The Bill & Melinda Gates Foundation’s “Impatient Optimists” blog features an ongoing series titled “What’s Your Method?” that provides posts about many of the contraceptive options for women and girls worldwide and how different organizations are working to ensure these methods become accessible options for women who want and need them. The following is a summary of several posts from the series.

  • Pamela Barnes, “Removing the Stigma From Female Sterilization”: Barnes, president and CEO of EngenderHealth, writes, “Ensuring that female sterilization is made available involves overcoming several barriers, including limited capacity and commitment among health providers, a lack of dedicated space and time in overcrowded facilities, the up-front cost of the procedure, and a dearth of accurate information” (2/20).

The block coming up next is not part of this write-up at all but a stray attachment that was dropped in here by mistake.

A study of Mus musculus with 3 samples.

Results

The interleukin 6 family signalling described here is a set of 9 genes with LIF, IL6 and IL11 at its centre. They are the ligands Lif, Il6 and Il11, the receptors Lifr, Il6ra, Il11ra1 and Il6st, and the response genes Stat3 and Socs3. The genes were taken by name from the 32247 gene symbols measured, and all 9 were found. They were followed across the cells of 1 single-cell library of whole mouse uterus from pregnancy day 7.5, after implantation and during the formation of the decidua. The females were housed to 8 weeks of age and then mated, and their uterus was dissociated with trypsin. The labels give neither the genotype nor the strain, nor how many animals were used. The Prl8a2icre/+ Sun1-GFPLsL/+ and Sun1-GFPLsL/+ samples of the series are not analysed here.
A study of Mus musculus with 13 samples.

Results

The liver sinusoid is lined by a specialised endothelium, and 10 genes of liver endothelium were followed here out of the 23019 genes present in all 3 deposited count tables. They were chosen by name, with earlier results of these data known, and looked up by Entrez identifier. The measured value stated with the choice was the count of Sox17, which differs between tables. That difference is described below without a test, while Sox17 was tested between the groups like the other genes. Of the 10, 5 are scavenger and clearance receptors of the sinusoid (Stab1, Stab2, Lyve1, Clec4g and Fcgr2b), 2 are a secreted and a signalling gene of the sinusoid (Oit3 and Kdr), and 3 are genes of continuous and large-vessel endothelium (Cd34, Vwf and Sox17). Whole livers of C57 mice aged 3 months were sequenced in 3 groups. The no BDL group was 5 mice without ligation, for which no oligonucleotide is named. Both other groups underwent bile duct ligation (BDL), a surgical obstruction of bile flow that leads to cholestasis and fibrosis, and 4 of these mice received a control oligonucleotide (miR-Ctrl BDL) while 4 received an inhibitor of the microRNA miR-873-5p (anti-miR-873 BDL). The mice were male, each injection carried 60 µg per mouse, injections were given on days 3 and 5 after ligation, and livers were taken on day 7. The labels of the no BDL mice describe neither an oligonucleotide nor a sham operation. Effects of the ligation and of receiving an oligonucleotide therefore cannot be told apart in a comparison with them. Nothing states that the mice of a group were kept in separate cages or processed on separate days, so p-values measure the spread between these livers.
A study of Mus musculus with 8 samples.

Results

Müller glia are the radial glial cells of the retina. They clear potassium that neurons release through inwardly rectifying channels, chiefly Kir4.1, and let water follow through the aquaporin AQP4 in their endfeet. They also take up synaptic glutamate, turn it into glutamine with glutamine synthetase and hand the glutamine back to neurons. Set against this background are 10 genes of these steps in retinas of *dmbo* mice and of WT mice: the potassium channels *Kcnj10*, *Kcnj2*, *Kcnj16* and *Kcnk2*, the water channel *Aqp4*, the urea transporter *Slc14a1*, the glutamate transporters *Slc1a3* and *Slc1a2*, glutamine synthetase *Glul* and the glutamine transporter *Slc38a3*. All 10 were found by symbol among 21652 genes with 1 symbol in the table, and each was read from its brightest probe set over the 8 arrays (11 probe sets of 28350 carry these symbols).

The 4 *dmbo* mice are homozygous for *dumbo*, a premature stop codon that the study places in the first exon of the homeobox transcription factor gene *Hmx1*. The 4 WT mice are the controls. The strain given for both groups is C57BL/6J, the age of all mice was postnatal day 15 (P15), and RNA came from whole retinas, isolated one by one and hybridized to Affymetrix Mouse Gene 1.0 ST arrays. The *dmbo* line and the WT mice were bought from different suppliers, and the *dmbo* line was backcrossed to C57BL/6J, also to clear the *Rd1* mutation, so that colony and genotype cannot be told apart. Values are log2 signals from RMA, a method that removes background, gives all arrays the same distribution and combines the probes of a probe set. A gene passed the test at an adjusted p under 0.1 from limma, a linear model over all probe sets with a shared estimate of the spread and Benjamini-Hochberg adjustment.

• Laneta Dorflinger, Markus Steiner, and Heather Vahdat, “The Evolution of Implants”: The authors, all with FHI 360, discuss the progress of contraceptive implant technologies and write, “The strong partnerships that have formed to lower prices and increase access continue to give more women in developing countries the ability to plan their families” (2/20).
  • Victoria Jennings and Elaine Murphy, “Keeping an Open Mind: What the Evidence Tells Us About the Standard Days Method”: Jennings, the director of the Institute for Reproductive Health, and Murphy, a visiting scholar at the Population Reference Bureau, describe the Standard Days Method, writing it is “another choice in a basket of effective options for women and couples who wish to avoid pregnancy; particular advantages include its low cost and lack of side effects” (2/19).
  • Tewodros Melesse, “A Pill of Choice”: Melesse, director general of the International Planned Parenthood Federation, writes, “The Pill is a reliable method that empowers women and gives them the choices to define not only their own lives, but of their whole family,” adding, “In order to be truly effective, family planning has to be rights-based, consistently available, appropriate, affordable and … accountable [for] all who need it (2/20).